The sanctity of marriage is once again under attack. This time, though, the enemy isn't the gays or pornography or hyphenated last names, but couples who sleep in separate beds. In the New York Times, Bruce Feiler reports that "the marital bed, once the symbol of American matrimony on a par with the diamond ring, the tiered wedding cake and his-and-hers martinis, is threatened with extinction. 'Till Death Do Us Part' is fast becoming 'Till Sleep Do Us Part.'"
The dubious basis Feiler gives for this supposed trend: "Nearly one in four American couples sleep in separate bedrooms or beds, the National Sleep Foundation reported in a 2005 survey. Recent studies in England and Japan have found similar results. And the National Association of Home Builders says it expects 60 percent of custom homes to have dual master bedrooms by 2015." Also: Some famous people are doing it, so it counts.
Let's set aside questions about just how legitimate the trend is -- and what the age breakdown is and what the stats are on the particular reasons why couples are sleeping apart -- in the interest of addressing a larger philosophical issue: his assumption that sleeping apart is necessarily bad news for the institution of marriage, and that sleeping together is necessarily good news. He does provide some support for his pro-co-sleeping argument (it's convenient if your partner happens to have a medical emergency, ladies "feel safer from intruders when sleeping with another person," and -- and! -- it might mean more sex) but I'm unconvinced.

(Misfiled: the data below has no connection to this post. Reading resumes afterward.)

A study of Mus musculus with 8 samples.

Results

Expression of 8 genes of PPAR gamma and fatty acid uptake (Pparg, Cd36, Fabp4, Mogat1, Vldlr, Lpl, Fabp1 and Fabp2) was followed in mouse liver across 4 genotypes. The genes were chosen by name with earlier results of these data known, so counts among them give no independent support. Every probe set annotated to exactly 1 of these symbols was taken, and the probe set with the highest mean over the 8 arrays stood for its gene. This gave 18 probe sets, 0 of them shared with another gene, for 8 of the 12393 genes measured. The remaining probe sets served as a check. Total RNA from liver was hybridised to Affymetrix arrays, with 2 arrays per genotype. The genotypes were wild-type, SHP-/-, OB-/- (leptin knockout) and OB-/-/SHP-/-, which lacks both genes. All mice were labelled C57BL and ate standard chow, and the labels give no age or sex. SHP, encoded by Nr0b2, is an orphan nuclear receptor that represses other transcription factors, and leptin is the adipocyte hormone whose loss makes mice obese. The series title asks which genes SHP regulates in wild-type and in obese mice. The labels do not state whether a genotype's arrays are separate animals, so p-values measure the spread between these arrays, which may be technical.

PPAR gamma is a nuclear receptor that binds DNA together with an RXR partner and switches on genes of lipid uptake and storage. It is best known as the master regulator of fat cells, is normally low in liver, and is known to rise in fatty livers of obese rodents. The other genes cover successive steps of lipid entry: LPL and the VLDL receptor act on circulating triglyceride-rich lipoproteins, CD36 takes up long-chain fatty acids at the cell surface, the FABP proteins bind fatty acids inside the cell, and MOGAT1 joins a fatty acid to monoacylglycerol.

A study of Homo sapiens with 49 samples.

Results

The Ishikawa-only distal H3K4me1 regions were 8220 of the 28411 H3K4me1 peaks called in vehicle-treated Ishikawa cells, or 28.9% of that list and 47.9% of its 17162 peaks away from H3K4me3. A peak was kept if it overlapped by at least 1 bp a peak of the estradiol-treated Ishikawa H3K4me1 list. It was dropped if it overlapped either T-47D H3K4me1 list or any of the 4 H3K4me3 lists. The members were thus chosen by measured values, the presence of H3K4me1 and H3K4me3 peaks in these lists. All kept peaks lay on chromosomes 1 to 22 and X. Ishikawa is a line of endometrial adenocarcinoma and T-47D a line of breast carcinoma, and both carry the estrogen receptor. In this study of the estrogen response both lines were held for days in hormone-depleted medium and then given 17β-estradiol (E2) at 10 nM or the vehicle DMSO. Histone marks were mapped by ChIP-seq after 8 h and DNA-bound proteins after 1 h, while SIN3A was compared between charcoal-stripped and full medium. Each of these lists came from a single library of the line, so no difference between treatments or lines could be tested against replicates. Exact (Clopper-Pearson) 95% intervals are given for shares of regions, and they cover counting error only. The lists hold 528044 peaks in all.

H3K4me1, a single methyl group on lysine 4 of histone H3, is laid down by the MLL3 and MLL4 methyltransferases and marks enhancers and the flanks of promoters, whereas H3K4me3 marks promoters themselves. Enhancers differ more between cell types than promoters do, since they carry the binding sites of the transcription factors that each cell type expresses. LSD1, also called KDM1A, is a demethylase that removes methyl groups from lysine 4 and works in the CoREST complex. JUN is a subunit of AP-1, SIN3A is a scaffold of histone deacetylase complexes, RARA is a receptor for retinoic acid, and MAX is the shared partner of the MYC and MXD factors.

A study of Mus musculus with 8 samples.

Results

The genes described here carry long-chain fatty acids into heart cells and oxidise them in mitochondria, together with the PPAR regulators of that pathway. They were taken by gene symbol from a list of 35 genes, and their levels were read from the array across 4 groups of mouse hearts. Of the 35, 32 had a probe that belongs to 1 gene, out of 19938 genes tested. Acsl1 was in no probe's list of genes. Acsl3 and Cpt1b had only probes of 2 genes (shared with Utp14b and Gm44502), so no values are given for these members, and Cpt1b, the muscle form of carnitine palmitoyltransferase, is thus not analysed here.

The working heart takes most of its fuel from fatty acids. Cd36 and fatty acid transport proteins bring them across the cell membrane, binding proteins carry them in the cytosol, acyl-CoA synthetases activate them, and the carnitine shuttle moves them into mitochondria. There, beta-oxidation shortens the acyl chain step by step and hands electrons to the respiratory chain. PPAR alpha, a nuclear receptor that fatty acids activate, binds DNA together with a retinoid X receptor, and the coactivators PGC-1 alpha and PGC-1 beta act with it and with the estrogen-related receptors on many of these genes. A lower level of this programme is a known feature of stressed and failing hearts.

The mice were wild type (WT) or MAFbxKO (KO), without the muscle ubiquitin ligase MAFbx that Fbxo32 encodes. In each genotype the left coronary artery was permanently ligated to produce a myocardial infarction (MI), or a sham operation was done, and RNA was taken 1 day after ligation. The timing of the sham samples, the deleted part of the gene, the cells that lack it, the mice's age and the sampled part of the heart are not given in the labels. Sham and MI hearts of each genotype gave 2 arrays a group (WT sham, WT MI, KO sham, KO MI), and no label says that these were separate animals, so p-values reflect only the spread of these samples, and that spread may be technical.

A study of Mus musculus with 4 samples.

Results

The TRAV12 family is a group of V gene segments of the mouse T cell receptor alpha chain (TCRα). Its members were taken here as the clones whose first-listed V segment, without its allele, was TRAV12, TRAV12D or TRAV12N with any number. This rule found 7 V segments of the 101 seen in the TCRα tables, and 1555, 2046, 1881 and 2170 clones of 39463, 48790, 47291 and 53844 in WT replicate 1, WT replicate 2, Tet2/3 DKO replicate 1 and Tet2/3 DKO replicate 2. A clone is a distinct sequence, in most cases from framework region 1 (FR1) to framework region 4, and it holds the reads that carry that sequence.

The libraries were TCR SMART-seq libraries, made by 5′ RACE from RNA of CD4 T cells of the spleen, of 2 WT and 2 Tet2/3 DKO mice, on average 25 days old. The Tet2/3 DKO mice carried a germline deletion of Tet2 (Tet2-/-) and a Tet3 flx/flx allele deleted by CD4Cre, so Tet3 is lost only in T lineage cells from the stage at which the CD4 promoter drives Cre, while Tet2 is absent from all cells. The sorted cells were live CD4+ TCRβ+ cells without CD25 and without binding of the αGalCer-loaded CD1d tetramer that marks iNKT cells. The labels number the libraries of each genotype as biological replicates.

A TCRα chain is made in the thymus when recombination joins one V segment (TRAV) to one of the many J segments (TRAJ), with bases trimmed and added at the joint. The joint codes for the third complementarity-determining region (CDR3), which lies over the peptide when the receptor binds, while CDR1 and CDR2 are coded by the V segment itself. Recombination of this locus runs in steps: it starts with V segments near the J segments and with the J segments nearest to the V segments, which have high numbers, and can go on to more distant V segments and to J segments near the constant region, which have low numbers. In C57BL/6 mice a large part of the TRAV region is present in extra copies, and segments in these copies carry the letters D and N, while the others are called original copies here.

Full disclosure: My parents have had separate rooms for the entirety of their absurdly happy 35-year marriage. Sometimes they sleep in the same bed, sometimes they don't. Over those many years, there have been plenty of interruptions to co-sleeping: a cuddle-hungry baby (that grew into a cuddle-hungry child), snoring, hot flashes and the simple desire for a little personal space. But they've never seen sleeping in the same bed as a symbol of the state of their relationship, and it has rarely reflected anything about their friendship, emotional intimacy or sex life. All their sleeping apart reflected was a dedication to each other, and what worked for them, not to some perceived norm.
So, from my admittedly biased perspective, it seems appropriate that Feiler compares the marital bed to the diamond ring. We have plenty of superficial symbols of marital dedication and health (see also: bazillion-dollar blowout weddings and the unflagging hype around Valentine's Day). Forgive me, but as much as people are taken by these rituals of commitment, they don't seem to be doing much for the integrity of the institution. Sleeping apart doesn't guarantee marital health any more than sleeping together does; and I somehow doubt that a high carat-count prevents divorce any better than no carat-count.
I wouldn't advocate sleeping apart any sooner than I would argue for always sleeping together. I'm just saying that if you hew to cultural guidelines in which you don't actually believe, or put too much faith in the power of those norms, you're setting yourself up for failure. Instead of declaring a "War on Bed Divorce,” as Feiler cheekily proposes, I'd suggest a "War on Trying to Police Other People's Bedrooms."